Strategic Thoughts


Update: It only took until December 14th for this year's Christmas surprise. Gary Collins resigned as Finance Minister and MLA forcing a small but significant cabinet shuffle.

2004 in Review

Soon planes will be leaving with politicians on annual trips to Hawaii, and British Columbians will brace themselves for what could be the third year in a row with a major scandal at Christmas. No one knows what it might be, but surprise is the best part of opening the presents under the tree. While we wait for this year's goodies, in the time honoured tradition, a review of 2004 is in order. The review shows a government that appears to have run out of ideas.

January: The year started with Finance Minister Gary Collins rushing back from Maui to deal with the crisis in his office over the police raid on the legislature and the seizure of documents from his assistant, David Basi. Almost a year later, questions surrounding the reasons for the raid remain unanswered.

Gordon Hogg resigned as Minister of Children and Family Development over controversy surrounding the role of Doug Walls in his Ministry. A subsequent investigation found Hogg innocent of any wrong doing, but Campbell didn't return him to cabinet.

February: The Sierra Legal Defense Fund obtained documents through freedom of information revealing that the Campbell government returned $2.3 million in fines and rents to fish farms that had violated environmental regulations.

As required by the legislative calendar, Finance Minister Garry Collins tabled his budget on the third Tuesday in February. Subsequent events, including a $2 billion surplus, have shown that it probably wasn't necessary for him to proceed with his third year of cuts to services. In addition to the cuts made in the first two years, a further $803 million was cut from 14 Ministries including a cut of $70 million to the Ministry of Children and Family Development.

The Campbell government implemented its two year maximum welfare rule, but it also introduced 25 exemptions from the rule. Too stubborn to admit it was wrong, the 25th exemption it added was for anyone looking for work, something that has always been required.

March: Surrey-Whalley MLA Elayne Brenzinger resigned from caucus and blasted Campbell in a news release, only to disappear and not make herself available to the news media. The hottest part of the story was an admission by caucus whip Kevin Krueger that MLAs were routinely suspended from caucus but who, when and what for is kept secret.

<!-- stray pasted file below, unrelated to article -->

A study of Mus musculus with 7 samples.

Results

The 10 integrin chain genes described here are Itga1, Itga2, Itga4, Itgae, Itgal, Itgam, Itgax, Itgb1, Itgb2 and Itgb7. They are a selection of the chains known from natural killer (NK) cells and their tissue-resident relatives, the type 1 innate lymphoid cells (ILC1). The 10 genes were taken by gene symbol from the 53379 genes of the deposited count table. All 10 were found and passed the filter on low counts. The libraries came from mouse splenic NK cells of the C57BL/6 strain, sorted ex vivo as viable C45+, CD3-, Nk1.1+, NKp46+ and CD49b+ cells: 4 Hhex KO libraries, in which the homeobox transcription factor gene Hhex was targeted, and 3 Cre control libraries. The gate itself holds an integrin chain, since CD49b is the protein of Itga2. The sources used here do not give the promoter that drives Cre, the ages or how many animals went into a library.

April: Province columnist Mike Smyth broke the story that the contract for disposing of BC Rail involves a 990 year lease - 90 years plus 15 extensions of 60 years each. Every 60 years the government has the option of buying it back at prevailing market prices.

May: In response to the privatization of the administration of Pharmacare and MSP, BC's Freedom of Information Commissioner began an investigation into the impact of the US Patriot Act on privacy in BC.

June: The River Rock casino opened in Richmond, marking a major expansion in gambling. Other locals casinos also switched to operating 24/7.

July: To the surprise of many polling companies, Paul Martin came out of the federal election with a minority government.

August: BC Ferries proceeded with contracts to purchase new ferries in Germany despite pleas from local mayors and some government backbenchers. The first to break ranks, Dan Jarvis, now faces a challenge for his nomination.

Government launched its massive TV ad campaign with the slogan "BC is the best place on earth" and refused to disclose the cost of the ads.

September: Christy Clark, the only woman to wield power in the Campbell cabinet, announced she was stepping down as Minister of Children and Family Development, and that said she would not seek re-election.

October: The Campbell government announced further gambling expansion with online betting.

The NDP's Jagrup Brar swept the Surrey-Panorama Ridge by-election with 53.6% of the vote. The Liberals only took 33.4%, and the Greens dropped to 8.4% with leader Adriane Carr as their candidate.

November: Susan Brice, Minister of Human Resources, dismissed evidence that 1 in 5 BC children live in poverty.

Garry Collins, Minister of Finance, released the Second Quarterly Report showing a likely surplus of $2 billion based primarily on $1 billion in federal equalization payments.

December: Ipsos-Reid released a poll showing the Campbell Liberals and the NDP in a statistical dead heat.

New Years Day 2005 is just 137 days until the election on May 17th. Some say the campaign won't kick off until after the budget speech on February 15th, others believe the campaign started last summer with the government ad campaign. Political pundits will have a wonderful New Year watching the parties slowly unveil their campaign strategies.